If government targets to stabilise population, it should raise the education level of women in the state. The higher level of education among women, the lower will be the total fertility rate (TFR) -the number of children who would be born per woman (or per 1,000 women).
The explosive growth in the global population could be curbed significantly if teenage girls in the developing world were given the opportunity of completing a secondary school education, says a leading expert in human numbers.
Putting girls in developing countries through secondary school is one of the single most important factors that causes them to have fewer babies in later life, said Joel Cohen, professor of populations at the Rockefeller University in New York. That could cut the expected growth in the human population by as much as three billion by 2050. The present global population is 6.7 billion but would rise to as much as 11.9 billion by then if current trends continue. “Secondary education increases people’s capacity and motivation to reduce their own fertility, improve the survival of their children and care for their own and the families’ health,” Professor Cohen said.
The growth in human population will exacerbate environmental degradation as more people compete – sometimes fiercely – for limited food, water and land. Attempts at limiting growth have concentrated on providing birth control to women, but secondary female education is seen as increasingly important.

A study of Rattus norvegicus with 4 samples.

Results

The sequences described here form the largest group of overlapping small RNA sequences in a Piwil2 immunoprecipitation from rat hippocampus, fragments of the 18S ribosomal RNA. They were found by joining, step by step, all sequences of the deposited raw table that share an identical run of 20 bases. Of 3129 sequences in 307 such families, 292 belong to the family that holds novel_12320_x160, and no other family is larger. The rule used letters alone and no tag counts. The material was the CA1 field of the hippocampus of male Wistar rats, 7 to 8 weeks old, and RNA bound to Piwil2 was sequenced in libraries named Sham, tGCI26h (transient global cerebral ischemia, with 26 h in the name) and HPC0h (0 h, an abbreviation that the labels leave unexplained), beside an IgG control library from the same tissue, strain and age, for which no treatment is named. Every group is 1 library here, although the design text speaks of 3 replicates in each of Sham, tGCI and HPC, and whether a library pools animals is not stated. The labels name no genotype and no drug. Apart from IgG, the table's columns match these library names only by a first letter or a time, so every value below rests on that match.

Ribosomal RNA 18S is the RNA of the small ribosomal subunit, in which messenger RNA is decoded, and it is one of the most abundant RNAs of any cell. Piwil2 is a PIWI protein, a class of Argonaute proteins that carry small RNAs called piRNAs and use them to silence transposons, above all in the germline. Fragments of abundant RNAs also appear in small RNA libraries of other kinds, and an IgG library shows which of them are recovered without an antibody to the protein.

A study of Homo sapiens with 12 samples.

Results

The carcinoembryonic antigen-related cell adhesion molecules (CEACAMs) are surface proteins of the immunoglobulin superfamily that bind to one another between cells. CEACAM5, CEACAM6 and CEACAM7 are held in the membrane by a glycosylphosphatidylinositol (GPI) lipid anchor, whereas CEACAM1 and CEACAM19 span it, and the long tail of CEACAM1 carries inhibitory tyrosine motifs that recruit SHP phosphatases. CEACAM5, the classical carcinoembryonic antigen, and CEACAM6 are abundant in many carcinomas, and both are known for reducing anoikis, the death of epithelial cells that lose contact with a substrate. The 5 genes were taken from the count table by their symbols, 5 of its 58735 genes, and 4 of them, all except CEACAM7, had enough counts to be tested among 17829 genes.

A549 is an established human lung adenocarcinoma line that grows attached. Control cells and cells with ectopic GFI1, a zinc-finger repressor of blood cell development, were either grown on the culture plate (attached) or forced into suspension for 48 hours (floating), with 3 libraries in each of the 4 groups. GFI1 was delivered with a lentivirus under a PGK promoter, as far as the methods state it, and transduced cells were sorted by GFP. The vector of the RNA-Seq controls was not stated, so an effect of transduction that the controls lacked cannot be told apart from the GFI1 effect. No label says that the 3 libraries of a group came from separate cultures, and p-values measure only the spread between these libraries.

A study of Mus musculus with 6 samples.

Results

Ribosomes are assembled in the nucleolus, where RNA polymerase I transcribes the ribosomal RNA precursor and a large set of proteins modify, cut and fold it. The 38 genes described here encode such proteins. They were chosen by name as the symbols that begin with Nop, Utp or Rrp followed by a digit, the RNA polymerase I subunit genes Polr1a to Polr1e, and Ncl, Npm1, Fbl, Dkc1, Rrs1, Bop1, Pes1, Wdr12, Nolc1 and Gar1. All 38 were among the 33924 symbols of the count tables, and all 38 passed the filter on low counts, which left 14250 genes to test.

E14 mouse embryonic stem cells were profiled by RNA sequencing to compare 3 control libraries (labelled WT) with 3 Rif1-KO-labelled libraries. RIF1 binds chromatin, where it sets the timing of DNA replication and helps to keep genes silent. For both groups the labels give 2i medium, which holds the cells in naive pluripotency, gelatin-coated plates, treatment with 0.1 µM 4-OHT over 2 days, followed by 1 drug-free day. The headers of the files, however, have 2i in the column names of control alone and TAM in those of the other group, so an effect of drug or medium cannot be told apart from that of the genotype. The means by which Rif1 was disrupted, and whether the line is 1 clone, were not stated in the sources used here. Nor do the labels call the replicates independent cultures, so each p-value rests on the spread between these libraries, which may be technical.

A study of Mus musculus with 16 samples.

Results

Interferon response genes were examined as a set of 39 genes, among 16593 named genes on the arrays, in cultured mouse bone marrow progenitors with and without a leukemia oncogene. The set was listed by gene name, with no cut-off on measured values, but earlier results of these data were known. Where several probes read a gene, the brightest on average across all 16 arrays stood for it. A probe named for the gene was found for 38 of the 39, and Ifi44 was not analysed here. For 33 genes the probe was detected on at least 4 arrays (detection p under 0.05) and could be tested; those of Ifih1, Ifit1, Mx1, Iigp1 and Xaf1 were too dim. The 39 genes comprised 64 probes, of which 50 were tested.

The latest sample registration system (SRS) 2015 shows the correlation between illiteracy and TFR. The plight is that Rajasthan has 24.9% of its women population, which is completely illiterate, which is one of the major reasons behind high TFR. The SRS-2015 has revealed that the TFR is highest (4.2) in the illiterate women population in the state.
“Evidence clearly shows that education has direct effect on the total fertility rate. Education keeps girls and boys in school and helps avert child marriage, thereby reducing adolescent fertility rate. Education also helps families take informed decisions on the number of children they should have and when they should have children, by delaying and spacing child bearing through use of contraceptives” said Diego Palacios, country representative, UNFPA India.
If talking about nationally, India has 16.2% women population which is illiterate.Among such illiterate women population, TFR is 3.7. But, in the country only 10.1% of women are graduates and above, which has TFR as low as 1.6.ome from outside the city.